Senior Programme Officer of ABANTU for development Hamida Harrison has observed that more and more Ghanaian women continue to face exclusion from taking political office because of the growing incidence of money influence normally used to entice potential voters by their male counterparts.
She told the dailyEXPRESS at her North Kaneshie office that the practice is gradually making politics an expensive venture especially for women, who incidentally don't have the needed resources to actively engage in political campaigns and win power.
According to her, a greater number of women are found in the informal sector where it is difficult to even raise enough capital to expand their business let alone have enough resources to campaign for political position.
“They don't have properties; even have money to take a loan, to run a business, buy house and others. It's pretty an expensive venture for us, she lamented to the dailyEXPRESS.
Madam Harrison who is a gender activist said the situation has not been made any better because of prevailing cultural practices in certain communities where it's a taboo for women to take part in politics.
“In last elections there were women who battered by their husbands when they got up and said I want to stand for elections. They were mercilessly beaten because that is not your job,” she told the paper.
She said this has become a perception engrained in the minds of people who believe women have no business taking part in politics, because it's a preserve for men.
“So women who want to jump the ladder are labeled as witches, prostitutes and all that,” Hamida Harrison added.
She also mentioned the role of spouses as being another hindrance to the progress of women in the political system. According to her most spouses would rather see their women folks locked up behind the doors of kitchen or socially constructed roles instead of voicing their concerns when it comes to national affairs.
Though the low capacity building of women could be a factor, Hamida Harrison told the dailyEXPRESS that should not necessarily be a yardstick to discourage women from actively engaging in politics because their contributions to the country's development can't just be swept under the carpet.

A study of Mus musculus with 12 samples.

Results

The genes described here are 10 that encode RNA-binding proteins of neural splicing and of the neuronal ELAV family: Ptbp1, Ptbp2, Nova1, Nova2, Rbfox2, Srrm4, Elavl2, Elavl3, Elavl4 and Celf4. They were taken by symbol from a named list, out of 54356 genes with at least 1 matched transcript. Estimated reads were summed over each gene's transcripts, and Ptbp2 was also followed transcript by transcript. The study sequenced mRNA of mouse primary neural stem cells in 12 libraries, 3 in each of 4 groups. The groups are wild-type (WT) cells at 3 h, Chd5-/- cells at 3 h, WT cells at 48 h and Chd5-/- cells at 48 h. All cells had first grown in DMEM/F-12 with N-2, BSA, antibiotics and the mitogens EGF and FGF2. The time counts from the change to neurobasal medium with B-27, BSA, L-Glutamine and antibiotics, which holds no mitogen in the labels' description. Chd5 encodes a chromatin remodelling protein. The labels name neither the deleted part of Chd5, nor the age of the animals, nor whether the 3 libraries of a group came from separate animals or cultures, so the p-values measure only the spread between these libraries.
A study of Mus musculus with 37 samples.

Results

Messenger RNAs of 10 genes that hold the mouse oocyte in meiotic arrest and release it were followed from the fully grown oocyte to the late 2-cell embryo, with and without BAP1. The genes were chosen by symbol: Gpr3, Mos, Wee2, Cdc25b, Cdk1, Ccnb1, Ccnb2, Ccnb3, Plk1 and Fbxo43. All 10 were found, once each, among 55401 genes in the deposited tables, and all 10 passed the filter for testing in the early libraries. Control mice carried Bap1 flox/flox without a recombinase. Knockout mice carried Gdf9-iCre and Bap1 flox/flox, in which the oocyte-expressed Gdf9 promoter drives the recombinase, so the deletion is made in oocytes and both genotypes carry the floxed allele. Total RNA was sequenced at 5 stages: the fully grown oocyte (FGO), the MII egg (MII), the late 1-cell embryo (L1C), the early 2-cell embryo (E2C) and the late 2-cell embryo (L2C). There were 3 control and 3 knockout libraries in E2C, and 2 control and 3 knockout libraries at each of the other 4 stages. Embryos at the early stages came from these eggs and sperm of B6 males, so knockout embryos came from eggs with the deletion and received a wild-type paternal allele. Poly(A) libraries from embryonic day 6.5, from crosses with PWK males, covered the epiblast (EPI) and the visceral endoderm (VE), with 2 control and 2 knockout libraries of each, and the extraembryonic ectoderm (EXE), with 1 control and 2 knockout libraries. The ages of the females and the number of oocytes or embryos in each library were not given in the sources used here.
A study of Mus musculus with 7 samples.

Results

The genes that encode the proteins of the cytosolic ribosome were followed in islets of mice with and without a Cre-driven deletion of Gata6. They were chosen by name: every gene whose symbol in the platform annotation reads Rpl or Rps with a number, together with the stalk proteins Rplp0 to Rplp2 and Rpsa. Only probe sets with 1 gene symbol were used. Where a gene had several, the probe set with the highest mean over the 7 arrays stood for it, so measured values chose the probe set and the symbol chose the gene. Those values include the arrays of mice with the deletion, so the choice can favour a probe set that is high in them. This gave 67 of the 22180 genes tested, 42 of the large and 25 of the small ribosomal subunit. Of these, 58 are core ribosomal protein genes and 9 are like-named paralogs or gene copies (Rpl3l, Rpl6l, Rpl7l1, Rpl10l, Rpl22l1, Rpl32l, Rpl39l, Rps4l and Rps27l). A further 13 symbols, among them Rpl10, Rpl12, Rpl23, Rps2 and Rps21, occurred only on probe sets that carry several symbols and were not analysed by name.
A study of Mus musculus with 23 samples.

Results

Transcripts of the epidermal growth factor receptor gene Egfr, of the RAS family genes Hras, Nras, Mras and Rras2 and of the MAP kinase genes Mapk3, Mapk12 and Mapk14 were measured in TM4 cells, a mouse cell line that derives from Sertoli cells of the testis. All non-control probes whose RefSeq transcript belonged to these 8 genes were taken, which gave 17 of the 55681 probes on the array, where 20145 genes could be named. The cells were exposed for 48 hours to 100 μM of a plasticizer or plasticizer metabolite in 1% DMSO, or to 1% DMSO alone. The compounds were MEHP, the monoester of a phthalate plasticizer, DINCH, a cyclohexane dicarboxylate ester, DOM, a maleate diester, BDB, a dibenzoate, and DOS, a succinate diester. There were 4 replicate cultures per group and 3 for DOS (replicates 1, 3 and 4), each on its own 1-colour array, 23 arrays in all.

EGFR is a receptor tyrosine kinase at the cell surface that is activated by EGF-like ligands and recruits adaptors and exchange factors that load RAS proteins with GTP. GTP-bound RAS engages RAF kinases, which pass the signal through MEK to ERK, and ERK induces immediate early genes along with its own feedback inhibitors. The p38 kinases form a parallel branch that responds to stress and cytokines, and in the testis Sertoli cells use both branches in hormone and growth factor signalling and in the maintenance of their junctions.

She wondered how “we could claim to be practicing democracy when the ground is not level for us all to compete.”
Hamida Harrison also expressed her frustration with government's inability to implement several protocols that it has ratified abroad.
“So if you go and sign those protocols internationally and come back and fail to implement them then, what are you telling us- for the cameras?” she asked rhetorically.
Madam Harrison said affirmative action is what is needed by all the parties to make a strong commitment to promote the advancement of women's interest.
Women involvement in active politics has become a very contentious issue especially in most African countries where majority of them continuo to face exclusion.
Apart from cultural practices that are deeply entrenched in most societies, most Islamic societies do not allow their women to take part in politics because their participation is seen as an affront to their faith.
Despite the setbacks some countries especially in Eastern Africa have made strenuous effort to allocate a certain portion of sets for women in parliament.
For example, Uganda and Botswana are said to be countries that have made some effort to ensure that women are allotted certain percentage in parliament for them.